Last week, the Dow Jones Industrials (DJINDICES:^DJI) jumped 207 points, or more than 1%, and set new daily closing record highs on three separate occasions. A host of favorable news helped lift the Dow, including a long-awaited decision from the European Central Bank to provide greater stimulus for the flagging European economy and a positive report on U.S. employment that signaled a continuing steady improvement in domestic growth. Among the biggest gainers in the Dow Jones Industrials were Caterpillar (NYSE:CAT), Goldman Sachs (NYSE:GS), and American Express (NYSE:AXP).
Caterpillar soared almost 6% as shares bounced back from previous bad news about its heavy-equipment business. Recently, Caterpillar has seen sharp disparities between its mining-equipment business and its construction-equipment segment, with mining getting hit hard by low commodities prices but construction starting to pick up a bit. Given the cyclical nature of its business, Caterpillar was among the biggest beneficiaries of the ECB's move Thursday to lower interest rates, as government infrastructure projects are one of the most obvious stimulative moves that can quickly boost levels of economic activity. Moreover, if the U.S. economy keeps firing on all cylinders, then the great need for infrastructure and construction enhancements on the domestic front could also help Caterpillar get through tough times in mining and head higher.
Goldman Sachs rose 4% as some financial experts speculated about the potential impact of the ECB's stimulus moves. The central bank said that it would explore moves similar to the Fed's quantitative easing program in the U.S., but one of the biggest obstacles to a successful round of bond-buying activity is that choosing bonds for purchase would require careful balancing of national considerations of sovereignty in order to avoid the appearance of country-specific favoritism. With its expertise, Goldman Sachs could advise relevant players in the European capital markets on how to develop and maintain a Eurozonewide bond market that would meet the needs of the ECB while avoiding any systemic risk stemming from the international implications of the shared euro currency. Better economic prospects in the U.S. could also boost Goldman's fortunes here as well.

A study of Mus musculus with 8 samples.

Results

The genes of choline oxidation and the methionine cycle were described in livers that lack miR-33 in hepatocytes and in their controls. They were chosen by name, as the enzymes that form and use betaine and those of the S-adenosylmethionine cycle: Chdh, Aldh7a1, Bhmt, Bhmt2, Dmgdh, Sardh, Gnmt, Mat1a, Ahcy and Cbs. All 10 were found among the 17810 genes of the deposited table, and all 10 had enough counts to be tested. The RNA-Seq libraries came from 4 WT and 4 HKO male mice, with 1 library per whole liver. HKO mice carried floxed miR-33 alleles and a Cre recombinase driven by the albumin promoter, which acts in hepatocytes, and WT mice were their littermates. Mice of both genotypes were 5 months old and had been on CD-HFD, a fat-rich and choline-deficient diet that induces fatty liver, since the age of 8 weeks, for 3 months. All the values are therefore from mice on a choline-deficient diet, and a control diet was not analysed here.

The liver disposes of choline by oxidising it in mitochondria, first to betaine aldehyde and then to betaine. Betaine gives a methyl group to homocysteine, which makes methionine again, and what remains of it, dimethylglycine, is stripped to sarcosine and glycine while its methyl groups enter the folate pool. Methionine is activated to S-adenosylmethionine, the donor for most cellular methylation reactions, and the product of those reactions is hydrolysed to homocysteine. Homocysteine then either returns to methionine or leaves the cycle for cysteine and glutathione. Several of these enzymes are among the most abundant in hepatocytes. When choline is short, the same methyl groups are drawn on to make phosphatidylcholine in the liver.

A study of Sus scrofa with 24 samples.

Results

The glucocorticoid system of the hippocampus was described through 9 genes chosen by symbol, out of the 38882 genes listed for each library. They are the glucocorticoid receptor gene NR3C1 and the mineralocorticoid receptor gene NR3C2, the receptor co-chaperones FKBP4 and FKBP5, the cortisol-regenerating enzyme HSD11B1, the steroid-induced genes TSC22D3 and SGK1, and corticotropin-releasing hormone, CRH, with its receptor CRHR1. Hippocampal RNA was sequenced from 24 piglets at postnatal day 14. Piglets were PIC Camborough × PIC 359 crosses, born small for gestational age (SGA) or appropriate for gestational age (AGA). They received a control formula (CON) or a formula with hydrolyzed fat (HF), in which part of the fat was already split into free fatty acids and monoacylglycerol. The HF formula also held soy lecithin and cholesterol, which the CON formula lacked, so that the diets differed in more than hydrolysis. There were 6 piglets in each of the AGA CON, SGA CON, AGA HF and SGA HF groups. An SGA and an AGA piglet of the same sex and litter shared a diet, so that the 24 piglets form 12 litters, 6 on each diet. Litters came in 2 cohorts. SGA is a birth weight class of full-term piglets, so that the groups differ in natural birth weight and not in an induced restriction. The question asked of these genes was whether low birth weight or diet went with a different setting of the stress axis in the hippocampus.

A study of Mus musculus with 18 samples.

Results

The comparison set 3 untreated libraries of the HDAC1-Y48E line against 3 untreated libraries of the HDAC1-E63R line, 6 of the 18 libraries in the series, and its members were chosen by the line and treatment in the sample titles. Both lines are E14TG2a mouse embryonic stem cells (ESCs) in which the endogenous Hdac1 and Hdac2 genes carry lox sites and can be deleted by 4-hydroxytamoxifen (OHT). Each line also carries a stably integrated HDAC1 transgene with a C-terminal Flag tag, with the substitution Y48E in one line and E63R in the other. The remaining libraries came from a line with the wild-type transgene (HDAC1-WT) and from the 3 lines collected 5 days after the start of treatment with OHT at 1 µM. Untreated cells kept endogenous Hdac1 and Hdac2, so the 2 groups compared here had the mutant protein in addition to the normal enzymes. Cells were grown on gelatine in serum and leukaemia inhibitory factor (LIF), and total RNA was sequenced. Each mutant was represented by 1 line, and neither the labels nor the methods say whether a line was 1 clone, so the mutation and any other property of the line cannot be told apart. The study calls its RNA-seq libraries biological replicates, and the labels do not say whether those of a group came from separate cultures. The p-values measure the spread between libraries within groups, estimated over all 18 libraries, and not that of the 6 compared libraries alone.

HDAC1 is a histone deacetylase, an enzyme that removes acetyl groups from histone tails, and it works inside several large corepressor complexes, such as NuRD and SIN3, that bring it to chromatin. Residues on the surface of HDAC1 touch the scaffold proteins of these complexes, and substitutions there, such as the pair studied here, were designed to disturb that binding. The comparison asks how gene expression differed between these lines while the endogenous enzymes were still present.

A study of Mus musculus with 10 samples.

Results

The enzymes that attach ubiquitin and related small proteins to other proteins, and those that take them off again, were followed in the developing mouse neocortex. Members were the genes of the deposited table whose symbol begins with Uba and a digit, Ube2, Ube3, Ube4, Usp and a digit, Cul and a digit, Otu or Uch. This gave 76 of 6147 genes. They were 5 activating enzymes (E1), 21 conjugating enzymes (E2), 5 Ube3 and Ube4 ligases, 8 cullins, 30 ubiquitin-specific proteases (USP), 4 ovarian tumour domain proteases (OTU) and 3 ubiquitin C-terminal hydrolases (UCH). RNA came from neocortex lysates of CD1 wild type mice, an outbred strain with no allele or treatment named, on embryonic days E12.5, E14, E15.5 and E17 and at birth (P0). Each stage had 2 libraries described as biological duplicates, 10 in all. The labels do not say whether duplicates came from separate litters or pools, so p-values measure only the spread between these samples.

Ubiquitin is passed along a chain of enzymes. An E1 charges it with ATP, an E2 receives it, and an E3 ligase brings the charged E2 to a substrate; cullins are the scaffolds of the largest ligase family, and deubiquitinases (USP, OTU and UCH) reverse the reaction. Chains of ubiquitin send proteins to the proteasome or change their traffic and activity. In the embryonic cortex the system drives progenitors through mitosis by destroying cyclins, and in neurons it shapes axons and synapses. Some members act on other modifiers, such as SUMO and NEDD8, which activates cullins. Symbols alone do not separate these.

American Express climbed more than 3.5% as the card giant took full advantage of its reputation as an international powerhouse. Even though AmEx is a financial stock, it has a hint of cyclicality from its exposure to spending habits, especially among upper-tier consumers that have the most influence in the luxury-goods markets. Although the Dow component's rivals also have global reach in their payment-processing networks, American Express has direct exposure to credit risk, and bolstering European growth should be a net positive for the company if it spurs greater travel and trade throughout the world. As payment systems evolve, American Express has kept itself at the cutting edge and should continue to do so.
Whether the Dow jumps to further records in the future is anyone's guess. But if it does, then watch these stocks to see if they continue to lead the Dow Jones Industrials higher.